Like everything in motherhood, each experience is so profoundly different. The way we feed our kids is so individual. Even when you narrow it into the categories. You breastfeed? OK, what tools support that? Shields? Pumps? Pillows? And what position works best for you?

During my own feeding journey, I learned that how you feed your baby will evolve with your child's growth. What you learn from your midwives in those first few days isn’t necessarily how you’ll be feeding for the course of your journey. Each situation, time of day and environment can call for new and creative positions. From the more traditional cradle feed to the horizontal “It’s 3am and I am still asleep” feed. This is a guide to the feeding positions that may help you work things out, find a new groove, or work around a feeding obstacle, like a sore back.

1. The Cradle Feed

What it looks like: The original breastfeeding position. One that you’ll learn from birth. You sit upright with your baby on their side, the head and neck laying along your forearm and their body against your stomach, in a tummy-to-mummy position. You can most definitely employ a breastfeeding cushion with this position.

Pros: Usually, this feels like the most intuitive position for new mums, it's cosy, and you can get a good read on baby’s sucking from this angle and the whiff of their tiny head.

Considerations: It requires lots of strength and correct posture; as kids get heavy, it can feel cumbersome on your spine, shoulders and neck. Best executed in a supportive chair and a breastfeeding pillow.

2. The Rugby Feed

What it looks like: Think of this like an underarm or clutch position, where your baby rests on your forearm. The baby here will be tucked along your side with their feet towards the back of the chair. This position is suitable for using a breastfeeding pillow and is often one of the first positions you will be shown after birth.

Pros: Less intense on your back with the right amount of angle for mutual gazing. A position was also good as for recovering from a c-section birth.

Considerations: Might not work as your kids get too heavy. Better for newborns.

3. The Sidelay Feed

What it looks like: Kind of like an inverse spooning position. You and your baby need to lie on your sides next to belly-to-belly.

Pros: Those night feeds can feel relentless, so lying enables you both to rest. This shape is excellent for mothers who had c-section births and find it difficult to bear the load of their baby. Also great for mothers with a strong and fast flow as gravity manages the speed.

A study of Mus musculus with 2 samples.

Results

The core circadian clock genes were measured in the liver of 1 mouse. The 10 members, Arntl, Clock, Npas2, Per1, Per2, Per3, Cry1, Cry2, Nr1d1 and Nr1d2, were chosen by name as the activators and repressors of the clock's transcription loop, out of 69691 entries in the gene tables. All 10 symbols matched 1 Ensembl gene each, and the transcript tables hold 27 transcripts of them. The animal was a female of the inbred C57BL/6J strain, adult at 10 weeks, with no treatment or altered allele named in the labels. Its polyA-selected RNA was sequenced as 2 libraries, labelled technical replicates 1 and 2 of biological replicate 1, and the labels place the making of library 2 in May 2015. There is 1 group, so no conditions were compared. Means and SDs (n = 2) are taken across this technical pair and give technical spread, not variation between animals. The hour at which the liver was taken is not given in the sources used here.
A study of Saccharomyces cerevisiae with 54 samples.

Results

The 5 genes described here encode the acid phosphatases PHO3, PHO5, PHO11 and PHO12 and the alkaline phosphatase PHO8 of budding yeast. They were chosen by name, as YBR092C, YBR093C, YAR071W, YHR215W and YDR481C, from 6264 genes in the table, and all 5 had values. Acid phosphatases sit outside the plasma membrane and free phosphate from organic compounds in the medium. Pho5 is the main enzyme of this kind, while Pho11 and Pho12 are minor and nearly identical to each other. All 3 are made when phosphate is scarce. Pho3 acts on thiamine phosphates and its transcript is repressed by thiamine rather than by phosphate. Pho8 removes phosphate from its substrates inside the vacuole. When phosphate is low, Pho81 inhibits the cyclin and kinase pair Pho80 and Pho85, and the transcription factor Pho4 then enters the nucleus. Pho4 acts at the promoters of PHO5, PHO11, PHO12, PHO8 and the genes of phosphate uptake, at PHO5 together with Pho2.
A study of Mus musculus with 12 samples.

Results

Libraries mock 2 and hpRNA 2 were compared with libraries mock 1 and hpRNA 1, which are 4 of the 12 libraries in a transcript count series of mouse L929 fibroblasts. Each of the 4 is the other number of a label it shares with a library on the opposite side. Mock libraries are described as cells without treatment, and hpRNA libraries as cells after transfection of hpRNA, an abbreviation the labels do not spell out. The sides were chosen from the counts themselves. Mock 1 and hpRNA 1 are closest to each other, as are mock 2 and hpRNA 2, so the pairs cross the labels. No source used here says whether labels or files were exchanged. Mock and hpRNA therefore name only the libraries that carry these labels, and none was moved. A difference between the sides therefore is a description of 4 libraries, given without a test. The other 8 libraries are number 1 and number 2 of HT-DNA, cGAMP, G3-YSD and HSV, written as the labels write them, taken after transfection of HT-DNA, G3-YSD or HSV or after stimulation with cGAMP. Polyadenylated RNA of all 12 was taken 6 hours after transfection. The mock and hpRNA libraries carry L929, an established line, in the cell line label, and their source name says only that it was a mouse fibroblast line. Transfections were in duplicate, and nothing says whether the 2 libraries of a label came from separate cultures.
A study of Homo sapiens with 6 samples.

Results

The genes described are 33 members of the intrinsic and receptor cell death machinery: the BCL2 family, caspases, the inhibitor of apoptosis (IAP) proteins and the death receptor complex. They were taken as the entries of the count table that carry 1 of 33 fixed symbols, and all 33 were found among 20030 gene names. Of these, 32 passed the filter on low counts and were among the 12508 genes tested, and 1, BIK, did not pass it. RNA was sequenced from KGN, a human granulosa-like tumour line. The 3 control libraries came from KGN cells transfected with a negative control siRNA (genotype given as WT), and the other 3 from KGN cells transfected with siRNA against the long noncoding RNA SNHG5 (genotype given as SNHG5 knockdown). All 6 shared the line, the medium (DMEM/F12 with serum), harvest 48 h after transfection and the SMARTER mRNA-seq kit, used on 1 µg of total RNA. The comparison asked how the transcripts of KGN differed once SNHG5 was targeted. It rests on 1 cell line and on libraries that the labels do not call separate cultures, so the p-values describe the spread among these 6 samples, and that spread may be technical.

Considerations: Might not work for smaller-sized breasts.

4. The Horizontal Feed

What it looks like: Precisely as it name implies, you lie flat, and your baby feeds from the side and/or on top of you.

Pros: Great for toddlers who won’t sit still and love to climb on you. It’s comfortable and you can rest simultaneously, so great for those mums recovering from abdominal separation, surgery or just plain exhausted.

Considerations: This one is great for all parts of your journey. .

5. The Dangle Feed

What it looks like: Think of it a bit like setting up for mat pilates, getting onto all fours and then letting your breasts hang. It involves your baby lying on their back while you crouch over them on all fours and dangle your nipple into their mouth.

Pros: Mastitis? This one is great for clearing breast ducts as it works with gravity and if you have to feed multiple babes (twins). Great for toddlers who like to be fed in odd positions due to the inability to sit still.

Considerations: Probably not the most comfortable positions to feed in, so not recommended all the time

6. The Tandem Feed

What it looks like: This is when you are pregnant and feeding your toddler or have given birth and feeding a newborn and your toddler. Gosh, women are just so capable.

Pros: Toddlers have strong sucking reflexes, so if you have engorged breasts, they’ll be able to help empty them quickly

Considerations: It is exhausting feeding and sustaining two babes.

7. The Koala Feed

What it looks like: Like a little cling bear. In this position, your baby sits straddling your thigh or hips, with their spine and head upright as they feed.

Pros: The Koala manoeuvre is a convenient way to feed an older baby (4 months plus) who can sit unaided. It can be done with your baby in a carrier whilst standing up straight and is great for kids who suffer from reflux (the upright angle works nicely for their stomachs).

Considerations: Typically this position works better when their head and neck strength is well established.

8. The Yogi Feed

What it looks like: Downdog, headstand or pincha mayurasanah, the yogi feed is when a toddler feeds off you mid way of a vinyasa flow.

Pros: Just for fun and great for the gram.

Considerations: Not something you’d be doing every day (haha).